The rise of automation in market research

Machines are being used to automate a rising number of processes in the marketing world. Programmatic ad buying, artificial intelligence, chatbots  and other emerging technologies are changing the landscape and bringing with them new efficiencies and ways of working.

It follows then, that market research also stands to benefit from automation. One such example is the use of robots to test the effectiveness of advertising.

Brands want answers to specific creative campaign questions before their activity starts (around messaging and execution), while it is live (to assess how the target audience is responding) and when completed (to determine what ROI it has delivered).

Automation improves the accuracy of this kind of research, speeds up the collection of data and can save brands money. It also makes ad testing more intuitive and should mean human researchers can spend more time analysing the results to produce the actionable insight that brands crave.

One British multinational to invest in a fully-automated creative testing process is Reckitt Benckiser (RB), owner of brands including Dettol, Durex and Cillit Bang.

It is working with market research technology provider ZappiStore to improve ad testing results. By automating processes it has been able to increase the number of ads it tests in a year by 77%, from 188 to 333, which has resulted in a 14% jump in market effectiveness. Previously the business focused primarily on analysing the effectiveness of TV commercials but it now examines creativity across Facebook, point of sale and online video.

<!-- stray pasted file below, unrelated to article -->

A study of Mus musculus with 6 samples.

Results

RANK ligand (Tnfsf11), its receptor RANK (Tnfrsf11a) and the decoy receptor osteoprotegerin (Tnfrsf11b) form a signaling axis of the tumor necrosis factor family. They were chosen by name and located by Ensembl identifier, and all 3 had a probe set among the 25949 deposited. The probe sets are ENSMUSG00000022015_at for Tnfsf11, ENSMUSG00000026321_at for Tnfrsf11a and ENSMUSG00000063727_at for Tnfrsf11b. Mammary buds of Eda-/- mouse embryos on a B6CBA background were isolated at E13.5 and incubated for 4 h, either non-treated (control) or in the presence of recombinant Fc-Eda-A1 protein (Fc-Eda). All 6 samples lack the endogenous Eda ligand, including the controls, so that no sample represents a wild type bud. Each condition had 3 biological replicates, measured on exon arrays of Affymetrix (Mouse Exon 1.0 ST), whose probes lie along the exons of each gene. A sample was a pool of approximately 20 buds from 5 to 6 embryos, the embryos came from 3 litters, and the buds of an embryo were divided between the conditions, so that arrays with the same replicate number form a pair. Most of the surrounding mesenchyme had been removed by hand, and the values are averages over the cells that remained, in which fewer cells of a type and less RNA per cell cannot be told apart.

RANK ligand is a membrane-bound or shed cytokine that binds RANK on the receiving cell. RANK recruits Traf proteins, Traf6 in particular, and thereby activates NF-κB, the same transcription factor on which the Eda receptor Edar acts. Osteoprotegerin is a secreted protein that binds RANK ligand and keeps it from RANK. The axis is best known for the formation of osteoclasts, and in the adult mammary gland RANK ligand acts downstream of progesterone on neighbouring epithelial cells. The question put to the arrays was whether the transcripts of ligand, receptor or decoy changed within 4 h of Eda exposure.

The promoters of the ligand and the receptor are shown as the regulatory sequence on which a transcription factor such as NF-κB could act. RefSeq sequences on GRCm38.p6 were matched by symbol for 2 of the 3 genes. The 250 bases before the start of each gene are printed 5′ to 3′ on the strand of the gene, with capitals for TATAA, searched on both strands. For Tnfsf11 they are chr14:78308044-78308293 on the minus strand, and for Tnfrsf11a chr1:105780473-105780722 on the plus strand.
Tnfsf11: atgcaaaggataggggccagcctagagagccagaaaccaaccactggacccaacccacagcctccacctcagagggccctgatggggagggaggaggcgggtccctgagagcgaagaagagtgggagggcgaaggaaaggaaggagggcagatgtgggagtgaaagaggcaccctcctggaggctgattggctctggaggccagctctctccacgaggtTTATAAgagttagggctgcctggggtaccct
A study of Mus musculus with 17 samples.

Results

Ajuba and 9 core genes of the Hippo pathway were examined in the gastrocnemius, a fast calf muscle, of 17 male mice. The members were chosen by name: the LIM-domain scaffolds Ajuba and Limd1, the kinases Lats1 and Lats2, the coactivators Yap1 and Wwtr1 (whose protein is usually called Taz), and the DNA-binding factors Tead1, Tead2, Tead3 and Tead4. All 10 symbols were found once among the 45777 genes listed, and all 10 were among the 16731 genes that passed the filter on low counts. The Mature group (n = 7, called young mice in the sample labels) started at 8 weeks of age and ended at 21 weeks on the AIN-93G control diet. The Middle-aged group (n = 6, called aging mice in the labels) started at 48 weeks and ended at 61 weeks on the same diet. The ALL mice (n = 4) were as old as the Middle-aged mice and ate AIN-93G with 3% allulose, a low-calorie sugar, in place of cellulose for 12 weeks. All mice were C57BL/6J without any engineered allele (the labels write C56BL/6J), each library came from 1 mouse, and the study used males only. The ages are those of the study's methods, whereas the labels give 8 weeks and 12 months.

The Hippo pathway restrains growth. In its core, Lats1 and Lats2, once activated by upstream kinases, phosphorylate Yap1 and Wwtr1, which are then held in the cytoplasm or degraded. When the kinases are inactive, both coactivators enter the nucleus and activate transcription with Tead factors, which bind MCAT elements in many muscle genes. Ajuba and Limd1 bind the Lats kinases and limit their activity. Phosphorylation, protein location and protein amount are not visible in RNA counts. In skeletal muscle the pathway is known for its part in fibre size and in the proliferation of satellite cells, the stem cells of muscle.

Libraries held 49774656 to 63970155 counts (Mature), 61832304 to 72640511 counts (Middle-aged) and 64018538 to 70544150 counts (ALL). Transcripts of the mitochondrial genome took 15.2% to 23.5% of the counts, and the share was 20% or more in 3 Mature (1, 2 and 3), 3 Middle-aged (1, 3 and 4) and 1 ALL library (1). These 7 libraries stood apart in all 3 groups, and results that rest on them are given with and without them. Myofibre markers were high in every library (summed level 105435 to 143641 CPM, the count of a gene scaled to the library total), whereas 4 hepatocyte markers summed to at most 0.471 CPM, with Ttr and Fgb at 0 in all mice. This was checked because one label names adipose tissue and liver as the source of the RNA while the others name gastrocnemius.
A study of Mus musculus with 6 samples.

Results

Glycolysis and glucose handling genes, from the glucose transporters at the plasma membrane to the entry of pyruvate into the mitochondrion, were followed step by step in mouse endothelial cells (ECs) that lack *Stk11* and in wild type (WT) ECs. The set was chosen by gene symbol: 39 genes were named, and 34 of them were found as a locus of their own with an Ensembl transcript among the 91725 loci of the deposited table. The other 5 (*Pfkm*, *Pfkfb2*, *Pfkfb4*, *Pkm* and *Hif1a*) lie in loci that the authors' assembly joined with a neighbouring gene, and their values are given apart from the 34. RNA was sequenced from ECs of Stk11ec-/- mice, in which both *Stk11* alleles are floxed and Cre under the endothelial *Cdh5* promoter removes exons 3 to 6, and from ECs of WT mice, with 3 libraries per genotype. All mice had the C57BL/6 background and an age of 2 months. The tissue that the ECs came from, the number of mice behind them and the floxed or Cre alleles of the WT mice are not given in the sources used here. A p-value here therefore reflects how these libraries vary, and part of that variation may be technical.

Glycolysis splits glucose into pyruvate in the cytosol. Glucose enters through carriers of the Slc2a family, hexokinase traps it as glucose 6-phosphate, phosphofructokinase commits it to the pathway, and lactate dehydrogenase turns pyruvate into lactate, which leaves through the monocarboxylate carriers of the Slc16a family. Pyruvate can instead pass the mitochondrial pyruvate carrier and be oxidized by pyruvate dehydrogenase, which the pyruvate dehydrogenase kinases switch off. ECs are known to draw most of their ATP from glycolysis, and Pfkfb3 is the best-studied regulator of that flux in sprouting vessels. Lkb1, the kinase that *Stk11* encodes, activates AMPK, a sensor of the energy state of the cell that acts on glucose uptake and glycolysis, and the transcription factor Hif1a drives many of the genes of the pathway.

Automation allows large brand owners to think and act with the agility of a startup.

Mathilde Levy, RB

The company has also increased the number of brands it can evaluate from 25 to 32, which has improved overall ad effectiveness from 45% to 59%.

Since the introduction of a suite of Kantar Millward Brown Link solutions run through Zappi, RB have seen a 77% increase in assets tested (188 to 333,) resulting in a 34% increase in Copy development revenue.

Mathilde Levy, RB’s senior consumer and market insight manager for Europe and the US, says automation has made a big difference.

“In the FMCG/ CPG world there is the internal clock of the marketing function and the external clock of the life of the customer. These two clocks are not always synchronised,” she says. “By using automation the internal clock is more in tune and allows large brand owners to think and act with the agility of a startup.”

The company is keen to introduce automation into other areas of its research, such as qualitative work enabling more interviews to be carried out in people’s homes using machines.

“Automation is also removing barriers internally,” says Levy. “The research we provide is not always as timely as marketers want it to be and we can be regarded as blockers. Automation changes this. Instead of serving as a validation function and being the policemen, we become more of a consultant, providing insight that can help to drive the business forward.”

RB is now looking to upgrade its automated efforts, which will enable its brand marketers to cross-compare previous studies with new ones to reveal trends that would previously have cost too much time and money to uncover.

Learn more about ZappiStore 

Republished with elements from Marketing Week

Alkistis Chatzidimitriou


Alkistis is an Associate Director of Product Marketing at ZappiStore.